Calgary

Video shows grinning semi-truck driver hit Alberta animal rights demonstrator

Advocate Kattrina Horner is part of the Red Deer Animal Save group and says the incident, which happened on Aug. 19 near the Olymel facility, has caused her a great deal of shock.

Driver was fined for failing to yield to pedestrian

Kattrina Horner, an animal rights advocate, says being struck by a semi-trailer affected her physically and mentally. (Kattrina Horner)

A video shows a semi driver smiling after seeming to intentionally strike an animal rights demonstrator with his vehicle in Alberta last month.

Advocate Kattrina Horner is part of the Red Deer Animal Save group and says the incident, which happened on Aug. 19 near the Olymel facility, has caused her a great deal of shock.

"I just I really felt that it was intentional — what he had done," said Horner.

The driver that hit Kattrina Horner was issued a ticket for failing to yield to a pedestrian. (Kattrina Horner)

Horner explains she was crossing the street so that she could get a good picture of the semi-trailer carrying the animals, but as she was crossing the street the semi struck her.

In a video captured by a friend, the driver drove off smiling and waving after he crossed the intersection.

RCMP say the driver was issued a fine for failing to yield to a pedestrian, which resulted in a $776 ticket. Police did not release the driver's identity.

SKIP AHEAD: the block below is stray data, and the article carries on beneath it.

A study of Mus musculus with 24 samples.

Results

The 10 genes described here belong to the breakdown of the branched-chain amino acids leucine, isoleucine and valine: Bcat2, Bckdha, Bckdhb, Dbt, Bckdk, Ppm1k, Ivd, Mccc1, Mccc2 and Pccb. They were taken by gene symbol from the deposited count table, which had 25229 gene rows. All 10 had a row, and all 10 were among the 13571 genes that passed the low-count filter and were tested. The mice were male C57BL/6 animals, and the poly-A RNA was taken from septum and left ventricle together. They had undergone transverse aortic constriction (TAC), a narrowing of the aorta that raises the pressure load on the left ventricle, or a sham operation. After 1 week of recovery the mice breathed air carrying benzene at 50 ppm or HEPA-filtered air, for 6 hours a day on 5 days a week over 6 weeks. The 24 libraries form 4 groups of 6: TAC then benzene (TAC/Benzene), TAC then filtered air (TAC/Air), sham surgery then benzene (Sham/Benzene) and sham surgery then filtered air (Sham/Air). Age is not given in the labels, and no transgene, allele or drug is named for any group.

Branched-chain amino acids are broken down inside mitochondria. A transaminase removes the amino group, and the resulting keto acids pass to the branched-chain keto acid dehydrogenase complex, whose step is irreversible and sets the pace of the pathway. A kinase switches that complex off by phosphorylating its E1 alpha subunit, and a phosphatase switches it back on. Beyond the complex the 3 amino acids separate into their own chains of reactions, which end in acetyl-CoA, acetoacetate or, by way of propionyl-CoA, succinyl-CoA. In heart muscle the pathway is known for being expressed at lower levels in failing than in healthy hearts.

CBC News has edited the video to remove a segment which contains profanity from a bystander. Watch the video of the incident below:

Advocate Kattrina Horner is part of the Red Deer Animal Save group and says the incident, which happened on Aug. 19 near Olymel Cornwall Bacon Plant, has caused her a great deal of shock. 0:12

While Horner's injuries have been acute, she says she's had ongoing physiotherapy for her back and shoulder and recently booked an appointment with a mental health worker.

"I don't like being around big trucks anymore, which is unfortunate because I will continue to go and pay my respects to the animals and still live through the mental scars of what happened," she said.

Horner says she and her group hold vigils and pay their respects to the animals being killed.

"More and more people are coming and I have families wanting to come and say goodbye. But you know I've had to turn them down because of aggressive driving and drivers," she said.

Since the accident, Horner has gone back to continue her demonstrations and say good-bye to the animals.

The group, Red Deer Animal Save, holds vigils to animals being slaughtered. (Kattrina Horner)

"The second time I did go back I told everybody to try to avoid using the crosswalks as much as possible," she explained.

"We're just hoping that the companies can help us with our paying respects to the animals and not have to deal with public scrutiny or dangerous driving."